Special Events Help Hospital Raise Money

Golf tournaments, gala dinners, auctions — all help hospitals raise additional money for equipment, projects

By Deborah Jeanne Sergeant

Healthcare is an expensive service. Along with grants, area hospitals rely upon fundraisers to meet their costs. These have been affected by pandemic shutdowns and financial cutbacks.

Vincent Kuss, vice president of St. Joseph’s Health Foundation, said that the organization’s two major annual fundraising events, the Annual Gala Dinner Dance and Golf Classic, attract between 800 and 900 attendees.

The golf tournament shifted to an outdoors-only event for the past two years with plenty of hand sanitizer available after a COVID-19 hiatus. This year’s Golf Classic was in September at Turning Stone Resort, using each of its three golf courses.

The gala, a dinner-dance, began in 1992. Since then, the gala has raised more than $5.9 million to benefit St. Joseph’s.

“We hold more hybrid events where it’s in person and we stream it live on Facebook,” Kuss said. “We also have Lighting the Way event at St. Joseph’s Health. One hundred attended in person. They can also view it virtually.”

The organization also hosts hybrid auctions and text-to-give campaigns.

“We do have individuals who attend these events virtually, but we’re getting back to pre-COVID-19 numbers for in-person events. We’re hoping people become more comfortable with in-person and we think that’s the case. We’re trying to get back on par with where we were before. As far as dollars raised, we’ve increased the dollars coming in and we’re trying to get back to that as well.”

Oswego Health’s fourth annual gala proved successful in raising more than $149,000. Nearly 300 guests attended the event hosted by Colloca Estate Winery in November to support the Oswego Health Foundation Endowment Fund. Established in 2021, the fund keeps donors’ investments in Oswego Health intact while using the investment income to support future healthcare investments.

In addition to providing healthcare to patients through its 17 locations, Oswego Health’s system employs 1,318 as the county’s largest private employer. Oswego Health operates the 32-bed community Oswego Hospital; a 32-bed psychiatric acute-care facility with multiple outpatient behavioral health service locations; The Manor at Seneca Hill, a 120-bed skilled nursing facility; and Springside at Seneca Hill, an independent retirement community. Oswego Health Home Care also supports patients. Oswego Health also operates Fulton Medical Center, Central Square Medical Center, Physician Care, PC.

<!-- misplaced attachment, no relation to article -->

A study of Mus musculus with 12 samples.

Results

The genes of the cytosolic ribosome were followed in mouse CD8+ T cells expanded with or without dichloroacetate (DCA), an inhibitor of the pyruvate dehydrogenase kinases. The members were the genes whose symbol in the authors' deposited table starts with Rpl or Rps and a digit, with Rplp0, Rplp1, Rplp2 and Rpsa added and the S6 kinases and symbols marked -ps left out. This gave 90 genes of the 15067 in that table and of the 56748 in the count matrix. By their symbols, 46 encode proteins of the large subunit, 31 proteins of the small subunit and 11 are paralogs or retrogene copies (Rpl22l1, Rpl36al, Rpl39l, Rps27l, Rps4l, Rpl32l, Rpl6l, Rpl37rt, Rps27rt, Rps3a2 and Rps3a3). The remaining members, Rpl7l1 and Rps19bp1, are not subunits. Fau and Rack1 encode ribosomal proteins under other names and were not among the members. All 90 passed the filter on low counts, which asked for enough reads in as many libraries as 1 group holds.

In addition to fundraisers, donations from organizations also play a large role in covering expenses and in providing better healthcare services.

As a recent example, the Hadley J. Falk Breast Health Center at Crouse Hospital benefited from gifts from Saint Agatha Foundation and JMA Wireless totaling $800,000. The funding enabled the organization to purchase 3D mammography equipment in October to help detect early breast cancers and improve patient outcomes. The Saint Agatha Foundation donated $406,000 to purchase a new digital tomosynthesis unit and a matching grant from JMA Wireless enabled the purchase of a second machine.

“These machines are a testament to the legacy of my sister, Laurie, who was a tireless advocate for breast cancer awareness and founded Saint Agatha during her own battle with the disease,” John Mezzalingua, JMA Wireless CEO, said in a statement. “Laurie’s message to our family was clear: Early detection saves lives. We have taken her words to heart and are continuing her fight on behalf of breast cancer patients. We are proud to be able to carry on Laurie’s important work by investing in the most high-tech 3D mammography machines available to make early detection possible for more Central New Yorkers.”

While undergoing treatment for breast cancer, Laurie Mezzalingua founded the Saint Agatha Foundation in 2004 to provide financial assistance to individuals fighting the disease in Central New York. Laurie’s mother, Kathleen Mezzalingua, has led the organization as board chair since Laurie’s death in 2009. Saint Agatha Foundation has provided more than $17 million to 10,032 people.

“Saint Agatha Foundation is proud to assist Crouse Hospital with the purchase of new tomosynthesis technology, providing the most advanced screening available and aiding in the earliest detection possible for those who may have breast cancer,” Kathleen Mezzalingua said.

Oftentimes, a personal connection like this provides a catalyst for givers to donate — and, as Mezzalingua has, take up the mantle to lead fundraising causes.